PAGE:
For all my googling, I'm coming up short with how to feed a stacked antenna system from a single feed line (either coax or 'ladder line') -- am I missing something/overcomplicating things?

Know any good methods/instructions out there?

    – tomnexus
    Jun 28 at 21:42
  • $\begingroup$ You're right, I'm definitely not in the EME league yet -- still learning. I don't have an electrical engineering background, and haven't done antenna modeling before either, but have built 1 70cm 'hiking stick' quad that never got finished before I left for college, because I couldn't figure out how to feed the thing. I'll see if I can brush up on my 'google-fu' to pick up on designs that other folks have made in the UHF/VHF segment. $\endgroup$
    – Alan T
    Jun 30 at 16:56
  • $\begingroup$ That's great! Yagis are tricky but there are good designs out there, if you follow the dimensions and other details exactly then they should work. For 70cm I've made a few with just a wooden dowel / broomstick, some coathanger wire and hot glue. This works fine up to about 2 m long which gets you over 12 dBi. Antennas in practice has a table of simple designs that work. $\endgroup$
    – tomnexus
    Jun 30 at 18:27


For a yagi, you have no choice, essentially: you feed the driver element of each individual antenna. You'll hence need a power divider that takes your one feedline (70cm: probably coax) and divides it for the multiple antennas, such that the impedance still matches. Same for quad, the feedpoint is inherent to the antenna design.

I've seen such antennas being stacked for reasons of increasing gain / narrowing beamwidth (that's essentially the same thing). The question that arises is

In which direction to you want to decrease the beamwidth?

You'd need to stack in that same direction. Want your beam to be narrower vertically? Stack vertically. Want it to be narrower horizontally? Stack horizontally.

From that, what remains to be answered is

  1. How do you divide the power between your $N$ antennas, and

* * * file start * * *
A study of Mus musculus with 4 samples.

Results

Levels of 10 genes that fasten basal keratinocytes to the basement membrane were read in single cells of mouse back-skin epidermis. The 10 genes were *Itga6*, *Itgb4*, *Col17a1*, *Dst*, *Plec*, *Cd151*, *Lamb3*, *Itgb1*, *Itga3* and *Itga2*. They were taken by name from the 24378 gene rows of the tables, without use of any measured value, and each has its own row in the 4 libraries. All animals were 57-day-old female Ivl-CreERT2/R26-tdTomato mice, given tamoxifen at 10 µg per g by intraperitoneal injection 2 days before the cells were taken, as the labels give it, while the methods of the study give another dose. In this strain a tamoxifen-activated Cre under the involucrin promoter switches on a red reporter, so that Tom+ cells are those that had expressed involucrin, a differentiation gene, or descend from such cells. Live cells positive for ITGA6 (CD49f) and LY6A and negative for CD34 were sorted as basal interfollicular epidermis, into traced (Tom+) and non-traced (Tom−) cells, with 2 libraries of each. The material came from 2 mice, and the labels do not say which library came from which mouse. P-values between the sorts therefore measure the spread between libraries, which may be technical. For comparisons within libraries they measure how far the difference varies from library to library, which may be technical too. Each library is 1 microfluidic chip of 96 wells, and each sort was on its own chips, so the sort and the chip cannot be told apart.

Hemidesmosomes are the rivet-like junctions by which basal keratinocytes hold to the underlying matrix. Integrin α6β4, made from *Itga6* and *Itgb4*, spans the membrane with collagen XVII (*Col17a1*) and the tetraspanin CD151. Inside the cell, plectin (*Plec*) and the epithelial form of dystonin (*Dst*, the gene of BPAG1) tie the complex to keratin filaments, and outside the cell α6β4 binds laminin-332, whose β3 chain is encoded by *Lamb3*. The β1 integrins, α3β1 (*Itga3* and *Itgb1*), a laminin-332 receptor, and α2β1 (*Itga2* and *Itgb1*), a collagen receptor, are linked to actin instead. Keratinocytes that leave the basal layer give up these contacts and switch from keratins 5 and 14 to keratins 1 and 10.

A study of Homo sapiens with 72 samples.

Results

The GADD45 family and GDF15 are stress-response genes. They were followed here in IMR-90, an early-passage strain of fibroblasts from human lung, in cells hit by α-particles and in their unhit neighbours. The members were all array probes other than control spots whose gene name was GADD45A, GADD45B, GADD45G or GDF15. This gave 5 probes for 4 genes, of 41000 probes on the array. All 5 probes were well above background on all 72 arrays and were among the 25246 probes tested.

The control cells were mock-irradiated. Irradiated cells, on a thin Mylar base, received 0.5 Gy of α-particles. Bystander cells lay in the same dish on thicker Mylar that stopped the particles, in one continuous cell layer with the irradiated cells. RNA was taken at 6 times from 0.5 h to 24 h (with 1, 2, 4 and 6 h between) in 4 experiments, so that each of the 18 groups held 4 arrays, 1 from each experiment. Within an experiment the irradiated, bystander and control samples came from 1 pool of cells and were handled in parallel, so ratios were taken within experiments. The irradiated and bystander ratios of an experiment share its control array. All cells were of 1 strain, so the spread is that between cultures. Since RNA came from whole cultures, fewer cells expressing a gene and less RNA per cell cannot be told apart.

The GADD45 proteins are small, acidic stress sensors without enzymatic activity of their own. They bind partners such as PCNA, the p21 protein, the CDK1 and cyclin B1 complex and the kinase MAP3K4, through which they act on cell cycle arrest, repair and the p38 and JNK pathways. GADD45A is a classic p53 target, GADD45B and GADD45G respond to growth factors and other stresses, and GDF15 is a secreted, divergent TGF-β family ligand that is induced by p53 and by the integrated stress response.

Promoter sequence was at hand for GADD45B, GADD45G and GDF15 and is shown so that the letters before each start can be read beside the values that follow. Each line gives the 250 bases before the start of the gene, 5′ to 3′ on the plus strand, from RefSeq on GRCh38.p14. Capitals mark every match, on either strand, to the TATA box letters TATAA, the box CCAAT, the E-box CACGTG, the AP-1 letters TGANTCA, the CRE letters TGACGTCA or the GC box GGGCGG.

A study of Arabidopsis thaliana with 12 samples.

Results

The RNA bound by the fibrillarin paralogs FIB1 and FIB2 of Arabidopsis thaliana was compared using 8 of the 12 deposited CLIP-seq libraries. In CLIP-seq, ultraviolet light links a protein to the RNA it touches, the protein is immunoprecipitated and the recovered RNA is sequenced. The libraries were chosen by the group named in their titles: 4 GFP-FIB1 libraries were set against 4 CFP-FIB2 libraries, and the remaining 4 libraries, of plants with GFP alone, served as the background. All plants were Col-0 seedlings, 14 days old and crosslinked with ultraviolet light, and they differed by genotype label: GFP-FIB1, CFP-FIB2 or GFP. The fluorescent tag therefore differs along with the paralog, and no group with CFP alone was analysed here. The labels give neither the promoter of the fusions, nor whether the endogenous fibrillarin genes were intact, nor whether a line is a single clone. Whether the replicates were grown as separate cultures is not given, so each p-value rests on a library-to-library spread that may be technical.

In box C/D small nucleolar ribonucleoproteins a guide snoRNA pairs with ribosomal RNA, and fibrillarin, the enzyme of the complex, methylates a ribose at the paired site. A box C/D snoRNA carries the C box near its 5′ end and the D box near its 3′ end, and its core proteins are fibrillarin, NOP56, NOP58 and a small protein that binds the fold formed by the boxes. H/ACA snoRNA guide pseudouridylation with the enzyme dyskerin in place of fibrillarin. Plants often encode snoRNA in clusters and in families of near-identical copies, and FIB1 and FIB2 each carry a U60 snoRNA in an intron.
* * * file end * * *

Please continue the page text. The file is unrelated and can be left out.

2. How do you want them to be phased?

Let's address 2. first: Imagine you put two Yagis on top of each other, such that they don't directly couple (not too hard, as a yagi has directivity "up front", not to the top). Now, if you supply them both with exactly the same signal (i.e., "in phase"), the waves emanating from them add up constructively exactly in points that are exactly equally distant from both antennas' phase origin, because they have the same phase there. In other words: in the ray in the middle between these two antennas main axes.

Now, add, say, 1/8 of a wavelength in additional cable leading to the upper one. Now, the points where the two wavefronts emanating from both antennas add up constructively is still where the waves are in phase. Only that the wave from the bottom antenna has 1/8 wavelength of an advantage – therefore, the points where the waves add up constructively end up on curve where each point is 1/8 wavelength further from the lower antenna's phase center than from the top one's.

Congratulations! You just implemented beamforming through means of phased array.

So, your antennas' relative phase (this extends to arbitrarily many antennas) defines the antenna pattern you get. You define that phase through cable lengths, or other means of delaying the signal.

So, in conclusion:

trying to figure out how/where to feed these antennas

  1. how: using a matched cabling, and a power divider, with the desired length of cabling. If you "just" want to increase gain in the direction they already have, stack them equidistantly, and feed all with exactly the same length
  2. where: like you'd feed any individual antenna.

The question of "oh, I get a lot of freedom when I feed antennas, how to use that optimally" is answered by designing the antenna array to have the so-called array-factor you want. The array factor is like an antenna pattern, only that you multiply it with the antenna pattern of your individual antenna, which in this context is called element factor.

I really can't (not good enough, and also, too much for an answer) introduce you to antenna and multi-antenna design, but it happens so that if you put your antennas in a regular distance on a straight line in space, that antenna factor can be calculated through the DFT of a vector of the individual antenna's excitation factors, i.e., a complex value having the magnitude representing the amount of amplitude of the signal they're getting and a phase representing the signal's phase.